Charlotte Temple: A Tale of Truth Summary

Susanna Rowson

Charlotte Temple: A Tale of Truth



The story tells how Charlotte’s parents met. Her father, Mr. Temple, was the son of an earl and known for his charity. One day, he is asked to help an honorable man in debtor’s prison, Captain Eldridge. Eldridge went into debt to help his son, George, get started in the Navy, and was taken advantage of by his cruel creditor, Mr. Lewis. Eldridge has spent nearly two years in prison, supported by his faithful and kind daughter, Lucy. Mr. Temple pays off Mr. Eldridge’s debts, at great expense to himself, and marries Lucy, although this results in him being estranged from his family. Despite their unfortunate circumstances, the happy couple lives with Mr. Eldridge in a cottage, and has one daughter, Charlotte.

The story returns to the present day. Charlotte is a well-meaning but indecisive girl. She is good friends with her promiscuous French teacher, Mademoiselle La Rue. One day, La Rue brings Charlotte along on a visit to one of her many suitors. As they cut through a field to get to the suitor’s house, they are met by Montraville, who has been looking for a way to see Charlotte again, and Belcour. Charlotte is charmed by Montraville and accepts a letter from him. He then bribes La Rue to allow Charlotte to see him again.

Although Charlotte is initially uncomfortable with the older man’s attention, she continues meeting him after being moved by his love letter. During these meetings, his friend Belcour begins a relationship with Mademoiselle La Rue. Meanwhile, Charlotte’s parents plan a surprise birthday party for her at home.

One evening, Montraville explains that he is about to be sent to America, and he wants Charlotte to come with him, to get married there. However, he knows he cannot marry her because his family would not approve of his marriage to a woman with no wealth. Charlotte initially agrees, but has second thoughts when she receives a letter from her mother asking her to come home for her surprise party. Montraville convinces her to go to America with him. La Rue comes along, to be with Belcour.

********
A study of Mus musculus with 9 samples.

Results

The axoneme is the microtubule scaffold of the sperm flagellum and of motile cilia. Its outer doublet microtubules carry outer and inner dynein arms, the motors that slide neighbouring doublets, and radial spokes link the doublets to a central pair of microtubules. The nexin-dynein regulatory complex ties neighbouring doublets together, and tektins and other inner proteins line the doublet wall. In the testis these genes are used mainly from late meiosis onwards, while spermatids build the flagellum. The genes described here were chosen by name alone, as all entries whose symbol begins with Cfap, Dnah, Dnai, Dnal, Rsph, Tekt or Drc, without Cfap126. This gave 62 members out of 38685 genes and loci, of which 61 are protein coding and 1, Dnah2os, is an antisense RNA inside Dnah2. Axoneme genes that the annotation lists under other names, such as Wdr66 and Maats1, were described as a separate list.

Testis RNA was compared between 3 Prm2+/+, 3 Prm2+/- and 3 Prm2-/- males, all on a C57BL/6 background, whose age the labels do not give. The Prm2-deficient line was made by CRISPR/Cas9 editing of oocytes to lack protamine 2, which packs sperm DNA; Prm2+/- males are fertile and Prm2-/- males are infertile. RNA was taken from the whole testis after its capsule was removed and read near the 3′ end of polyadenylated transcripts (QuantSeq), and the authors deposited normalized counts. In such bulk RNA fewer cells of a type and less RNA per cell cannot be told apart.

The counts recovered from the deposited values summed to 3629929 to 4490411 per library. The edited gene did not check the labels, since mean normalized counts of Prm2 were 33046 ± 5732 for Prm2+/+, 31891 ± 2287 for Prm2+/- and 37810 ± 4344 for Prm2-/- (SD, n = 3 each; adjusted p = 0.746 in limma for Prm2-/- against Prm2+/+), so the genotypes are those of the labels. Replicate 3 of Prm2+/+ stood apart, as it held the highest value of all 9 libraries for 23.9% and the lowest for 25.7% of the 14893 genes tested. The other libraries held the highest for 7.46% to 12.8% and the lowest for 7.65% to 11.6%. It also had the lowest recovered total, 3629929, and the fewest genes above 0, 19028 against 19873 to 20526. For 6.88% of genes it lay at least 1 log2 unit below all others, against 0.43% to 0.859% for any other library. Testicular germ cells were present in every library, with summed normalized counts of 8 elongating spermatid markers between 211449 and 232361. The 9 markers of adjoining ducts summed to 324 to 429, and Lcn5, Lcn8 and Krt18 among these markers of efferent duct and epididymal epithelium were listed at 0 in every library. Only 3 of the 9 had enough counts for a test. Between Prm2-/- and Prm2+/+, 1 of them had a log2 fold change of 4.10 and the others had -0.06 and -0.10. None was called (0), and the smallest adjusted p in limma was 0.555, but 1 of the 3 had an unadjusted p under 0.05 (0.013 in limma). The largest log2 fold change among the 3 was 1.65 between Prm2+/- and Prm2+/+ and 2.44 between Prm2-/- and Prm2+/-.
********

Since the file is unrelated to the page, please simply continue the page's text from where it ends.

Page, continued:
Charlotte writes a letter to her family explaining where she has gone, but Montraville destroys it, afraid her parents will pursue them. Meanwhile, Charlotte’s family is heartbroken by her disappearance, and hope for her return after the marriage. They decide that they will forgive her and welcome her back into the family when she comes home.

On the voyage to America, an officer named Crayton falls in love with Mademoiselle La Rue. He proposes to her at the end of the trip, and she accepts; Belcour is not offended as he has realized she has a terrible personality; he is glad to be rid of her. Charlotte is seasick throughout the voyage and bonds with Montraville as he takes care of her, but she begins to realize that Montraville could leave her at any time without marrying her. When they arrive, Crayton introduces Charlotte and La Rue to his daughter (by his deceased first wife), Mrs. Beauchamp. Charlotte feels great shame when Crayton introduces her as Montraville’s mistress.

Montraville buys Charlotte a house outside of New York, and gives her an income and a servant. However, he rarely visits, and she becomes very lonely. Meanwhile, Montraville is charmed by Julia Franklin, a young heiress. Although he is more attracted to her than Charlotte, he feels bound to Charlotte and refuses to pursue Julia.

Belcour decides he wants Charlotte as his mistress, and tries to sabotage her relationship with Montraville. He visits Charlotte and tells her about Julia Franklin, but she refuses to leave Montraville even though she is heartbroken. Mrs. Beauchamp, who lives in Charlotte’s neighborhood, sees how sad Charlotte is and decides to befriend her, even though it will endanger Beauchamp’s own social status to associate with Charlotte.

Montraville soon loses interest in Charlotte and, being led by Belcour to believe in Charlotte’s supposed infidelity toward him, trusts Belcour to take care of Charlotte and the child she is expecting. Following the advice of her newfound friend, Mrs. Beauchamp, Charlotte writes home to her mother. Her parents decide to receive her, and her father goes to New York to get her. Without any financial support (Belcour does not give her the money Montraville gave him for her) Charlotte has to leave her house and, having walked to New York on a snowy winter’s day, asks Mademoiselle La Rue (Mrs. Crayton) for help, but La Rue pretends to not even know Charlotte.

Charlotte is taken in by Mrs. Crayton’s servant and soon gives birth to a child, Lucy. The doctor, however, has little hope of her recovering. Mrs. Beauchamp is shocked when she sees that Charlotte is in terrible condition and the doctor says there is no hope. As Charlotte is lying on her deathbed, her father arrives, and Charlotte asks him to take care of her child.

Upon returning to New York, Montraville searches for Belcour and Charlotte. Learning of her death, Montraville is remorseful for his part in her downfall, and angrily seeks out Belcour, killing him in a fight. Montraville suffers sadness for the rest of his life.

Mr. Temple takes Charlotte’s child back to England. The novel ends with the death of Mrs. Crayton (Mademoiselle La Rue), who is discovered by Mr. Temple in a London doorway, separated from her husband, living in poverty, and repenting for her involvement in Charlotte’s downfall. Mr. Temple admits her to a hospital, where she dies.